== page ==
Dactinomycin and vincristine toxicity in the treatment of childhood cancer: A retrospective study from the Children's Oncology Group

Bryan Langholz, Jeffrey M. Skolnik, Jeffrey S. Barrett, Jamie Renbarger, Nita L. Seibel, Anne Zajicek, Carola A S Arndt

Research output: Contribution to journalArticle

26 Citations (Scopus)

Abstract

Background: Dactinomycin (AMD) and vincristine (VCR) have been used for the treatment of childhood cancer over the past 40 years but evidence-based dosing guidance is lacking. Methods: Patient AMD and VCR dose and drug-related adverse event (AE) information from four rhabdomyosarcoma (RMS) and two Wilms tumor (WT) studies were assembled. Statistical modeling was used to account for differences in AE data collection across studies, develop rate models for grade 3/4 CTCAE v3 hepatic- (AMD) and neuro- (VCR) toxicity, assess variation in toxicity rates over age and other factors, and predict toxicity risk under current dosing guidelines. Results: For the same dose/body size, AMD toxicity rates were higher in patients <1 year than older patients and VCR toxicity rates increased with age. The statistical model provided estimates for AMD and VCR toxicity risk under current dosing schedules and indicated that patients of smaller body size were at lower risk of VCR toxicity than larger patients of the same age. The rate of AMD toxicity was highest early in treatment and was lower in patients who tolerated initial AMD without toxicity. Conclusion: The observed decrease in AMD toxicity rate with cumulative dose may indicate sensitivity in a subgroup of patients while the observed increase in VCR toxicity risk with age may indicate changing sensitivity to VCR. Current dosing practices result in a fairly uniform toxicity profile within age group. However, PK/PD studies should be done to provide further provide further information on best dosing guidelines.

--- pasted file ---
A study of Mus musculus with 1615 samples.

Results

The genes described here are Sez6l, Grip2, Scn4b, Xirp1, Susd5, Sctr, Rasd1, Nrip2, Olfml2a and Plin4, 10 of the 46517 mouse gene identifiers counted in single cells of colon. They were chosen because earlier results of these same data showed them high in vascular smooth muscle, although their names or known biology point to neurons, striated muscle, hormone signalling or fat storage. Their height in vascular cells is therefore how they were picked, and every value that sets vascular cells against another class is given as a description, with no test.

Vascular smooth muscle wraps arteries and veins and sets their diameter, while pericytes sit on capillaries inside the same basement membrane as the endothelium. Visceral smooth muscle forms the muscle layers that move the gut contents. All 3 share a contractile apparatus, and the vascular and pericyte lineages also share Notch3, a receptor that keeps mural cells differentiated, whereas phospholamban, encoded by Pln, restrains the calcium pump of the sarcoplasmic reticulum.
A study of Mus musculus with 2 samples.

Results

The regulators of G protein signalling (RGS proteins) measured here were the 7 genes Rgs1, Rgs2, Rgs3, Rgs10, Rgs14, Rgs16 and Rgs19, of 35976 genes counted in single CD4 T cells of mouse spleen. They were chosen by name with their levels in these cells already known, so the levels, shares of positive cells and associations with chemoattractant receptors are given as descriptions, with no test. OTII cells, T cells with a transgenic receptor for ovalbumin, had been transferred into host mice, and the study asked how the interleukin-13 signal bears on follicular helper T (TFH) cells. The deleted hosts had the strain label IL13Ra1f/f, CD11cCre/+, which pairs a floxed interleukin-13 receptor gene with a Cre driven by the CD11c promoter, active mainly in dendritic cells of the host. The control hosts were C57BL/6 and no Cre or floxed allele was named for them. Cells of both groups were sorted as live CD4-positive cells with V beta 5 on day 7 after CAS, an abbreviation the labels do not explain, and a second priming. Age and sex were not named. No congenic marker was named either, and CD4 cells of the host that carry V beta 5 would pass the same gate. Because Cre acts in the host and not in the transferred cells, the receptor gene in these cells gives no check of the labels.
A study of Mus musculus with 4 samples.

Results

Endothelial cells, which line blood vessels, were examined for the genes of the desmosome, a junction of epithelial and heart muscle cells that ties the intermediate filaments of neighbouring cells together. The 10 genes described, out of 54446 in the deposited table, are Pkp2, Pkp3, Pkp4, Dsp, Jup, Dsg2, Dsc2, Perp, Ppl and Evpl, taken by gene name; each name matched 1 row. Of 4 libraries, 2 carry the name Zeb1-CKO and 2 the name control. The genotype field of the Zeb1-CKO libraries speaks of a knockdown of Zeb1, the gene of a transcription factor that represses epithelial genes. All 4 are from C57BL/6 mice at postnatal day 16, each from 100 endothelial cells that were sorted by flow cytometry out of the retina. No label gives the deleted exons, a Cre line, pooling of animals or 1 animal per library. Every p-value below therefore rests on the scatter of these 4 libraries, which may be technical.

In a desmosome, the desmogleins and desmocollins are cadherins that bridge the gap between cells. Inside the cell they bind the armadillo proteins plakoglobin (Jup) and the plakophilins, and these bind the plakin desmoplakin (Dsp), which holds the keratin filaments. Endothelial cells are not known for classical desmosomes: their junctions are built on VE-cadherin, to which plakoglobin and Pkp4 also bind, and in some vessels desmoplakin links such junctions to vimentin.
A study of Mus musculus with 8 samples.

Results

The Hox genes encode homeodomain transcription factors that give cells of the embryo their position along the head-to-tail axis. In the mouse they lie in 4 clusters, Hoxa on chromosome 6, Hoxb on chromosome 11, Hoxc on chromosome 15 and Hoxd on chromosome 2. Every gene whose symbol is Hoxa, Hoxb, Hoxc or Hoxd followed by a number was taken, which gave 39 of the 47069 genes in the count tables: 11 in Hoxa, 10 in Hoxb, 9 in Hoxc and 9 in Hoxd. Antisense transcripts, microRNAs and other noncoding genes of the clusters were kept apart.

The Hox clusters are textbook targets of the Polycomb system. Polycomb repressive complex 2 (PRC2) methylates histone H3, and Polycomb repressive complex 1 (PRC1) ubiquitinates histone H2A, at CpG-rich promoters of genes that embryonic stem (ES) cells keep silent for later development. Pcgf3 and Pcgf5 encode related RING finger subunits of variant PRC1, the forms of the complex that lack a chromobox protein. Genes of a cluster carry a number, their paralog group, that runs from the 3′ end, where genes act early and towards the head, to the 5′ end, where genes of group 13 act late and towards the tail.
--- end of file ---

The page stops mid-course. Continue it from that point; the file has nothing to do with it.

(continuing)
Original languageEnglish
Pages (from-to)252-257
Number of pages6
JournalPediatric Blood and Cancer
Volume57
Issue number2
DOIs
StatePublished - Aug 2011

Fingerprint

Dactinomycin
Vincristine
Retrospective Studies
Neoplasms
Body Size
Therapeutics
Guidelines
Wilms Tumor
Rhabdomyosarcoma
Age Factors
Statistical Models
Drug-Related Side Effects and Adverse Reactions
Appointments and Schedules
Age Groups
Liver

Keywords

  • Hepatic toxicity
  • Neuropathy
  • Rhabdomyosarcoma
  • Risk estimation
  • Wilms tumor

ASJC Scopus subject areas

  • Oncology
  • Pediatrics, Perinatology, and Child Health
  • Hematology

Cite this

Dactinomycin and vincristine toxicity in the treatment of childhood cancer : A retrospective study from the Children's Oncology Group. / Langholz, Bryan; Skolnik, Jeffrey M.; Barrett, Jeffrey S.; Renbarger, Jamie; Seibel, Nita L.; Zajicek, Anne; Arndt, Carola A S.

In: Pediatric Blood and Cancer, Vol. 57, No. 2, 08.2011, p. 252-257.

Research output: Contribution to journalArticle

Langholz, Bryan ; Skolnik, Jeffrey M. ; Barrett, Jeffrey S. ; Renbarger, Jamie ; Seibel, Nita L. ; Zajicek, Anne ; Arndt, Carola A S. / Dactinomycin and vincristine toxicity in the treatment of childhood cancer : A retrospective study from the Children's Oncology Group. In: Pediatric Blood and Cancer. 2011 ; Vol. 57, No. 2. pp. 252-257.